Thursday, February 12, 2009

Charlie Munger Speaks

Charlie Munger has always taken a backseat to Warren Buffett in the pantheon of Value Gods, not because of ability, but perhaps out of a lack of ego or some other reason. He penned an editorial in the Washington Post yesterday morning that made some interesting points.

The full editorial is here.

This editorial has been well covered so I won't go over each point, but the most interesting part to me was the last paragraph:

"...officials might want to consider a precedent that helped establish our republic. The deliberative rules of the Constitutional Convention of 1787 worked wonders in fruitful compromise and eventually produced the U.S. Constitution. With no Marshall figure, trusted by all, amid today's legislators, perhaps the Founding Fathers can once more serve us."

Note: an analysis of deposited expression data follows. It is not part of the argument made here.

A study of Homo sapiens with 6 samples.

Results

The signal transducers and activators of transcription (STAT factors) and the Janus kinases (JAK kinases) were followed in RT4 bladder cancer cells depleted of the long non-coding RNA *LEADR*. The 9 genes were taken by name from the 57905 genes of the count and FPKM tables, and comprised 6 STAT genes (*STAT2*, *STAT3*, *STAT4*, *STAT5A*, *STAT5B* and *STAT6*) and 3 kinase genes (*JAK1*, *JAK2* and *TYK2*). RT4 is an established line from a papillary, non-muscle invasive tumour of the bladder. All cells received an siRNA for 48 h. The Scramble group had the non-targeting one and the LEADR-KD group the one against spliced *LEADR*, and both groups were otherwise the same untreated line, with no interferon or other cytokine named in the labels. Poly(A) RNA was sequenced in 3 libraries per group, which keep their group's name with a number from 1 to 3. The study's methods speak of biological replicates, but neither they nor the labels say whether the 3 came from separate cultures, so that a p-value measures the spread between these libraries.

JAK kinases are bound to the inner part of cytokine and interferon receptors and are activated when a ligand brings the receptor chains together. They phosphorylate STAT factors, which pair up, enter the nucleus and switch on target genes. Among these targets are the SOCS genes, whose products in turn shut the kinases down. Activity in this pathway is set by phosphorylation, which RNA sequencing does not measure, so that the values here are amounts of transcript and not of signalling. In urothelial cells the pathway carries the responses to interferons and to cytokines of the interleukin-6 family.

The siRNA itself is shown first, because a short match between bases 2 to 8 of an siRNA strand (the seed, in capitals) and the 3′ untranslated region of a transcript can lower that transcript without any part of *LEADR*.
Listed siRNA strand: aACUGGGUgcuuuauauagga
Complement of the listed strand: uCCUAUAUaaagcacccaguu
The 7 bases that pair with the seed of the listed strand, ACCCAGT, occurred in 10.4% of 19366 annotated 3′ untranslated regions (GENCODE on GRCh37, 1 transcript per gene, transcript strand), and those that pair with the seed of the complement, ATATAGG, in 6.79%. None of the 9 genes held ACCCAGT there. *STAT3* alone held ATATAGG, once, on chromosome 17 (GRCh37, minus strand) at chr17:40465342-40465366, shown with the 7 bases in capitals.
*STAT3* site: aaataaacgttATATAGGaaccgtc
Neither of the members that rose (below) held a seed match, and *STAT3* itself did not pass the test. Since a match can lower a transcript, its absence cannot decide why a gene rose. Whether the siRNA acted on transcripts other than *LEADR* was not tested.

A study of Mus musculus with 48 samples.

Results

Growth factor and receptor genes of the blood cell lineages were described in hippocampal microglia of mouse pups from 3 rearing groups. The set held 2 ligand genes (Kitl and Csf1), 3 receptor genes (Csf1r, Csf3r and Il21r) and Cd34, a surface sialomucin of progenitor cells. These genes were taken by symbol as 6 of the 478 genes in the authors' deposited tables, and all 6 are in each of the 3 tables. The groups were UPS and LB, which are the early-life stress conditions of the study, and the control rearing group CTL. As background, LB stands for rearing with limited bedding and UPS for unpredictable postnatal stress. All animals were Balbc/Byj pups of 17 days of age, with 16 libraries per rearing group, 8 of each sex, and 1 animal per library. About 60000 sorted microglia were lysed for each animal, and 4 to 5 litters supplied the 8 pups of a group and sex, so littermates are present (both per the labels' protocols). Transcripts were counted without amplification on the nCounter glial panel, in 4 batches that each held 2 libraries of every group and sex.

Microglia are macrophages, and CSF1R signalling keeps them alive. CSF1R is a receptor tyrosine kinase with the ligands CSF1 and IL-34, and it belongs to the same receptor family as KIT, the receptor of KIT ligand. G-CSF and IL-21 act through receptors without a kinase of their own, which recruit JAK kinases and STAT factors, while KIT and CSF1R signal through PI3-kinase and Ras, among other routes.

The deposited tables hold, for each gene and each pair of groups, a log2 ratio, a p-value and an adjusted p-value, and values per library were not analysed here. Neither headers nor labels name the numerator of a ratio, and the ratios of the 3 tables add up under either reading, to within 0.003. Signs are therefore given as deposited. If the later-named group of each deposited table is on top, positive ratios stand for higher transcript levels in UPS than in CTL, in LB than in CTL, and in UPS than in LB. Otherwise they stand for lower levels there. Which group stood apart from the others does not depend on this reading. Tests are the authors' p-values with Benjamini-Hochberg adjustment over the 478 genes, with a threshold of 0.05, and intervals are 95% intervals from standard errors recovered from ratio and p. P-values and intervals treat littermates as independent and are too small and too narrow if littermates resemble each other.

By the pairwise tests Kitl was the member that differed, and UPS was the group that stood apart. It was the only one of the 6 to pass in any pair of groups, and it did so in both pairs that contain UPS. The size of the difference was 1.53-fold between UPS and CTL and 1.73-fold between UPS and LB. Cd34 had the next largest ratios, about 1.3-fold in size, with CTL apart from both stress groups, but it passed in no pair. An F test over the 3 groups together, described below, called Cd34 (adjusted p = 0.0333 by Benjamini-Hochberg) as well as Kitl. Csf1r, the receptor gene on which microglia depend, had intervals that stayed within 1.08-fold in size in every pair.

If Munger calling for a constitutional convention to solve our problems? This would, of course, be unprecedented in our history. Our constitution has been amended many times, but only by Congressional action, not through a convention which must be called for by two-thirds of the states. If a convention is called, then everything is on the table, not just the Financial system. This might be a little too radical a solution as the partisanship fighting would explode to new levels at such an event.


    "Two ground rules would govern the proceedings of the Convention. First, all deliberations were to be kept secret. (Detailed word about the debates remained guarded until the publication of Madison’s notes in 1840.) Second, no issue was to be regarded as closed and could be revisited for debate at any time."

    I assumed that is what he meant to avoid the grandstanding that is currently happening that prevents progress.

  2. "all deliberations were to be kept secret"

    good luck with this in today's world.